Crushing debt is not hard to come by these days. The social norm supports a “get-it-now” mentality instead of saving and having enough to make purchases in cash. Purchasing items on credit allows for faster acquisitions, and low-interest incentives are enough to entice even the most financially responsible individual. However, having too much credit can result in an overwhelming amount of debt. When you are no longer able to make minimum payments month to month, you may want to take a look at filing for bankruptcy.
Chapter 7: Discharge of Debt
A Chapter 7 bankruptcy process writes off debt. In this process, you may be forced to giving up assets, including cash and property, to pay off as much of the deficiency as possible. Creditors with collateral may choose to seize the property if you are in default on those payments. Credit cards and unsecured lines of credit may not be able to collect since they have no property claims. A bankruptcy lawyer orlando fl may offer other information including property that you qualify to retain during the proceedings. Since Chapter 7 excuses debt, its implications may linger on your credit report for up to a decade, hindering your ability to get favorable financing terms during that time.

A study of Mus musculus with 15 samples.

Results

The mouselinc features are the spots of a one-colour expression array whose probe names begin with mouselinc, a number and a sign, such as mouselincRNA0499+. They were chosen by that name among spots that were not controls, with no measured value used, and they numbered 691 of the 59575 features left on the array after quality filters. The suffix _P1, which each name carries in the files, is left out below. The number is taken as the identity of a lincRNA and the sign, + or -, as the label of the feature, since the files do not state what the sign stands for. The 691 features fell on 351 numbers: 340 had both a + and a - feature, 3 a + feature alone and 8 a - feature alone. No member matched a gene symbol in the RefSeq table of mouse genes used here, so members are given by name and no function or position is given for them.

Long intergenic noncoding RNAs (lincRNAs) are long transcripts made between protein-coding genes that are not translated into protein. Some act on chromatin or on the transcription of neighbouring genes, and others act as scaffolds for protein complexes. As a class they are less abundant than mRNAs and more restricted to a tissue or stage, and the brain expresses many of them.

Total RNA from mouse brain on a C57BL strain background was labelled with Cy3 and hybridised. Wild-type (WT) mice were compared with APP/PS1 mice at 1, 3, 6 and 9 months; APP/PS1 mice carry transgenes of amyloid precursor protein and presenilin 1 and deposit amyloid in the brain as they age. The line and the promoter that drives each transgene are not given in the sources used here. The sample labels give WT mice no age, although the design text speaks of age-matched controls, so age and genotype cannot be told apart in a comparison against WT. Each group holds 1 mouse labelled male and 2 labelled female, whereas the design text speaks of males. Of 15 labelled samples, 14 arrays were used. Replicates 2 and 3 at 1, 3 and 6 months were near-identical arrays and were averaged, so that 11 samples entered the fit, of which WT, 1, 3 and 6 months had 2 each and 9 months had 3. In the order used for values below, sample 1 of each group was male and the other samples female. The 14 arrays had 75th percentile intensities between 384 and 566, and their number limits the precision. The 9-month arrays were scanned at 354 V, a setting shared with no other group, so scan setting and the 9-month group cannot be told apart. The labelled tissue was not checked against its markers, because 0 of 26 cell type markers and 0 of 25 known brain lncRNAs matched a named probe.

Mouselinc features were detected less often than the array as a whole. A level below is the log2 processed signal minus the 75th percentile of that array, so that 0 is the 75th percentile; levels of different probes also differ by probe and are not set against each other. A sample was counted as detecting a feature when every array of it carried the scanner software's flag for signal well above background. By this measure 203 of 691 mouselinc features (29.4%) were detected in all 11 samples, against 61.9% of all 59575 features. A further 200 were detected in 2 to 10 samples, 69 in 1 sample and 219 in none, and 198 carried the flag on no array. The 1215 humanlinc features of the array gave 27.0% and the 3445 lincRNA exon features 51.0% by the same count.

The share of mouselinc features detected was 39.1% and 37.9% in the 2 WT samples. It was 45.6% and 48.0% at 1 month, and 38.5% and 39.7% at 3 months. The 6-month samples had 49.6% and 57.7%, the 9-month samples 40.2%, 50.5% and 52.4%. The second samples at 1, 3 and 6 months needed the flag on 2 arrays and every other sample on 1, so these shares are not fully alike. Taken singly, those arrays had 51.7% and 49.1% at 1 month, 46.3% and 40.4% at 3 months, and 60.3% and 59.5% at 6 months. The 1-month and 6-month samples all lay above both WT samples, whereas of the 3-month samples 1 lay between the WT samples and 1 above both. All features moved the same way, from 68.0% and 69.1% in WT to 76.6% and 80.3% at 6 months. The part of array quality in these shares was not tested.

Chapter 13: Repayment of Debt
Under Chapter 13, you and your creditors meet in an attempt to reach a settlement and mutually beneficial repayment plan. This may mean creditors take less than what you owe to come to favorable terms. You must complete this repayment plan within five years, and the conditions must be adhered to, or else you will not be successful. Once the payment plan is complete under the agreed-to terms, the remaining debt is discharged. Chapter 13 has a slightly less impact on your credit as you have paid back some or even all of your outstanding creditors.
Deciding to declare bankruptcy is a personal decision, and you should make the best decision for you and your family.